Reviews and notes
2008 New York
The Last Command
starts from a brilliant script idea: a Czarist general, defeated in the Russian revolution, finds himself down and out in Hollywood, working for peanuts as a bit-player in movies; he is spotted and hired by his former adversary, a Mayakovskian stage director turned Hollywood film-maker; and both men loved the same woman ten years earlier. Half the movie is an acid vision of the gap between success and the breadline in contemporary Hollywood, and the other half is a long flashback to revolutionary Russia, with the general seducing the woman Communist, imprisoning his rival, falling from power, and discovering abject humiliation. In other words, this is the first Sternberg masterpiece, the first of his glitteringly stylised rhapsodies of commitment and betrayal, expertly poised between satire and 'absurd' melodrama. The cast are fully equal to it; Jannings, in particular, turns the characteristic role of the general into an indelible portrait of arrogance, fervour and dementia. Even more incredible, the sheer sophistication of Sternberg's visuals makes nearly all current releases look old-fashioned.
- Tony Rayns, Time Out.
Improbable as it may seem, The Last Command
(1928), Josef von Stemberg's hymn to the end of empires, was based on a true story. The path this tale took to reach the screen is also as perfect an illustration of the warped, gossipy machinations of Hollywood as you could find. Director Ernst Lubitsch once met a former Russian general in New York, who was running a restaurant. After encountering the same man in Hollywood, reduced to working as an extra for $7.50 a day, he told the man's story to actor Emil Jannings, suggesting that he might like to play such a character. The twist was that in California, the Russian was being paid scraps to play the role he once inhabited in real life – that of a general in the imperial army. Jannings then told the story to screenwriter Lajos Biró, who began work on a script and repeated the anecdote back to Lubitsch, crediting Jannings with the discovery. Von Steinberg filmed Biró's screenplay as The Last Command
, and Lubitsch's general was duly given a bit part.
There's more. After the film was released, when Paramount was sued for plagiarism by a third party; Biró pointed at Jannings, who pointed at Lubitsch – who, having been denied the credit earlier, refused to take it just to save the studio from making a settlement. Years later von Steinberg, in his immodest memoir Fun in a Chinese Laundry
, cut out the middlemen by claiming sole credit for the screenplay, dismissing Biró and claiming that Lubitsch saw no potential in his own "meagre but very good idea". One can only hope that the general spent his $ 7.50 wisely.
Authorial quibbles aside, The Last Command
, which is set both in contemporary Hollywood ("The Magic Empire of the Twentieth Century!") and pre-revolutionary Russia ("Proud, majestic, haughty – seemingly eternal as the ages!"), is a masterpiece. In the Hollywood scenes, Sergius Alexander, a humbled, quivering wreck played by Jannings, is hired by dictatorial director Leo Andreyev (a debonair William Powell) for a small but crucial scene in a war film. Chided by a fellow extra for his constant trembling, Alexander replies that he can't help it: "I had a great shock once."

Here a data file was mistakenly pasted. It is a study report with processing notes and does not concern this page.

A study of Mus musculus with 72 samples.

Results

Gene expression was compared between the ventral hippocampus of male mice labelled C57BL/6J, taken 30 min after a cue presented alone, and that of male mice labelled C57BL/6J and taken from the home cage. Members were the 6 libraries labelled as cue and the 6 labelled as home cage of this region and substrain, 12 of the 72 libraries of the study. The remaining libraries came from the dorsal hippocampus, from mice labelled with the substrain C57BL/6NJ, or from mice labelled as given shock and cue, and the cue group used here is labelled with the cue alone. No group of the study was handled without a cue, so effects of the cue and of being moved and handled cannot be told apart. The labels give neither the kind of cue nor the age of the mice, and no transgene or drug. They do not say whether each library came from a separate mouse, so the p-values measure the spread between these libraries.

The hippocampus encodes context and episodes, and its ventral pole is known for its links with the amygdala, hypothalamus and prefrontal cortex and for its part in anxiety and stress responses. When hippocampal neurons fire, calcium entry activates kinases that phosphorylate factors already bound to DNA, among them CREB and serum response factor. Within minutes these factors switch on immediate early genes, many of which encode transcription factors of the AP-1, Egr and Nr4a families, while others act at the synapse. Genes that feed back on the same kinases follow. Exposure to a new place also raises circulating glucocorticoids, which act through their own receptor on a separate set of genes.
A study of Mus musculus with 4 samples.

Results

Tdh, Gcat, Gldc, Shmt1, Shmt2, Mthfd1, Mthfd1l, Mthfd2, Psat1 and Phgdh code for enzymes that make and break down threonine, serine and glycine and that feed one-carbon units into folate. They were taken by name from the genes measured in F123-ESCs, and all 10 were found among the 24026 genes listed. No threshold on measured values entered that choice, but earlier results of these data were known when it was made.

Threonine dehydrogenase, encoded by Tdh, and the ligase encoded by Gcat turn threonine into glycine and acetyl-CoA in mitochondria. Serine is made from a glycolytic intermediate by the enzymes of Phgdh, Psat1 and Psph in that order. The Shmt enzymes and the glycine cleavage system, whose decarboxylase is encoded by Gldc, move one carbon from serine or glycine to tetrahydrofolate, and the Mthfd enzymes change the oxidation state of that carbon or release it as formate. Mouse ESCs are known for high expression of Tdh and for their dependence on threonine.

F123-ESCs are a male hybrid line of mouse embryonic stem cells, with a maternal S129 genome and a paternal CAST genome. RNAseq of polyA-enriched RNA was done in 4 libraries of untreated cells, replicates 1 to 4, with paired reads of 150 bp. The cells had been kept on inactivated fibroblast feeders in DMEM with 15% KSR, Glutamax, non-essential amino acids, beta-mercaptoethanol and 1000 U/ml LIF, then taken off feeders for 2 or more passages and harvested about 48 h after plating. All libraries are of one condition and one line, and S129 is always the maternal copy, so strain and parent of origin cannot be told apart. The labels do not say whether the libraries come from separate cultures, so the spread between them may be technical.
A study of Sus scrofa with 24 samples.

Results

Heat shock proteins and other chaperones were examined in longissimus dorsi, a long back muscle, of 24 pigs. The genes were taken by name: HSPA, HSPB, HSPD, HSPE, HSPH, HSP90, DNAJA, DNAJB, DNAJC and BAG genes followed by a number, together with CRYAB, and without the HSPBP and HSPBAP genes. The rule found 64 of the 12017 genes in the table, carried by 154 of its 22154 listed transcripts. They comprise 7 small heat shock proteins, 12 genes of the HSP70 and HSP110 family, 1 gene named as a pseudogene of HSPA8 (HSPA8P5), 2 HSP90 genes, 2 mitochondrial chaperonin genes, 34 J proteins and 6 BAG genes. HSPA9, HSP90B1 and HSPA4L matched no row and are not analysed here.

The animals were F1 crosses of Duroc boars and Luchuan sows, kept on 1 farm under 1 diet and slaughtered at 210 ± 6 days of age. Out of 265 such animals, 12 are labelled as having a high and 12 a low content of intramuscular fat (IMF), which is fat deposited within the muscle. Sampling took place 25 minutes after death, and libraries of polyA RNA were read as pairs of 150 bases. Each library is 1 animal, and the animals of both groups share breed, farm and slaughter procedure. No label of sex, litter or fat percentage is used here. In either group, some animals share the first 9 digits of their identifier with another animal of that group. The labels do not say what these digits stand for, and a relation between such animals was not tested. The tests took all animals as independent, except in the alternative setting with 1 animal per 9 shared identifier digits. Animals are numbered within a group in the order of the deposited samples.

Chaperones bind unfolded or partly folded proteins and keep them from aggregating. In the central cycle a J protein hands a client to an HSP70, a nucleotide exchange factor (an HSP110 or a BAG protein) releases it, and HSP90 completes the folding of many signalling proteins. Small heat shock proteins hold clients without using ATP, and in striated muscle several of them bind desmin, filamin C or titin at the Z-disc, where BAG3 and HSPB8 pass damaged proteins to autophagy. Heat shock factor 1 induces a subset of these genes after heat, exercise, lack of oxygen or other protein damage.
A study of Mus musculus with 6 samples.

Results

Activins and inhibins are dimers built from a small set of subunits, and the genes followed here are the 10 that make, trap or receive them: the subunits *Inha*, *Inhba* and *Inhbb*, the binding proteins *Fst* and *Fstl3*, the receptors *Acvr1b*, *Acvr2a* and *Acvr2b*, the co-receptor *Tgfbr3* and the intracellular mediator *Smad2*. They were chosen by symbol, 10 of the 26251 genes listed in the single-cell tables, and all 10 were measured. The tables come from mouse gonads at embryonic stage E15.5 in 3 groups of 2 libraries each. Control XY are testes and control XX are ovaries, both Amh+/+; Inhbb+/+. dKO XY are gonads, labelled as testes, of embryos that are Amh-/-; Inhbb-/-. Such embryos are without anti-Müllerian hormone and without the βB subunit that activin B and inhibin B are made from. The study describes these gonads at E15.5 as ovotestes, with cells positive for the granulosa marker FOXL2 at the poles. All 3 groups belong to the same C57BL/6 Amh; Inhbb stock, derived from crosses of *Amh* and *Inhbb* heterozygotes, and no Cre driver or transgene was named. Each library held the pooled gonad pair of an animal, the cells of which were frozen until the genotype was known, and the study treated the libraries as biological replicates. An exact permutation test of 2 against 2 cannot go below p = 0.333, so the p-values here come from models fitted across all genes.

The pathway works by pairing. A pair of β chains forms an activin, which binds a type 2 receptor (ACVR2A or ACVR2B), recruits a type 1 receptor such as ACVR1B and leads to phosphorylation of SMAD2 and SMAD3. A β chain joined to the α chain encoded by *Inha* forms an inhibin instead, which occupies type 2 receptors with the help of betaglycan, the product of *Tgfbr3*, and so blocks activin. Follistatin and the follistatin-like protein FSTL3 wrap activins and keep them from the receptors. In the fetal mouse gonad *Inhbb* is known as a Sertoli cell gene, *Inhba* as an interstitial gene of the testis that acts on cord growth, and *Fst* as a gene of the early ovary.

The Hollywood sequences bookend the main substance of the film – the pairs previous encounter in Russia in 1917, with Jannings as the puffed-up general arresting Powell the tattered revolutionary and marching off with his sweetheart. The dramatic tension doubles, as the film promises us both Andreyev's revenge at the studio and the revelation of Alexander's "great shock" in Russia.
It is a woman who breaks Alexander's heart, naturally, in an icy trauma that follows some intricate plotting and lashings of brutality and mortification. That woman is Evelyn Brent's glamorous revolutionary, who holds Alexander's fate as well as his heart in her grasp. One of the film's many pleasures is Brent's swift and shocking transformation from enigmatic beauty to riotous woman of passion, wielding a revolutionary flag while wearing pearls.
It is Jannings's performance that carries the film, though – recalling his work in The Last Laugh
(Der letze Mann 1924), another tale of a proud man in uniform brought low. For this, and for the lost film The Way of All Flesh
, he won the first Academy Award for best actor. Jannings finds the humanity inside the tsarist military leader, and the fight inside the spirit-broken extra, with both incarnations fired by Alexander's undimmed patriotism.
Even so, von Sternberg's superlative direction most distinguishes this film. Precociously, he frames complex shots that other directors would linger over, and dashes them away in favour of a quick dissolve into a tighter set-up, a new angle. The blizzard of compositions in the films transition to the Russian snow is bewilderingly impressive. It also seems like an in-joke on the film's theme of perfect artificiality beating truth – if von Sternberg can make a small set dredged in fake snow appear like Russia, then Alexander's final on-set hallucination is inevitable. After all, the jostling extras picking up their uniforms and guns look just like new recruits – or Alexander's own army.
In one of the films best jokes (courtesy of title-writer Herman J. Mankiewicz), when Alexander presumes to place his own medals on his costume-uniform, a jumped-up assistant director tells him: "I've made 20 Russian pictures. You cant tell me anything about Russia!" And in Russia, while there is areal war to be fought, Alexander must recall his troops to parade in front of the tsar, a spectacle as hollow as Andreyev's studio trench.
- Pamela Hutchison, Sight & Sound, July 2016.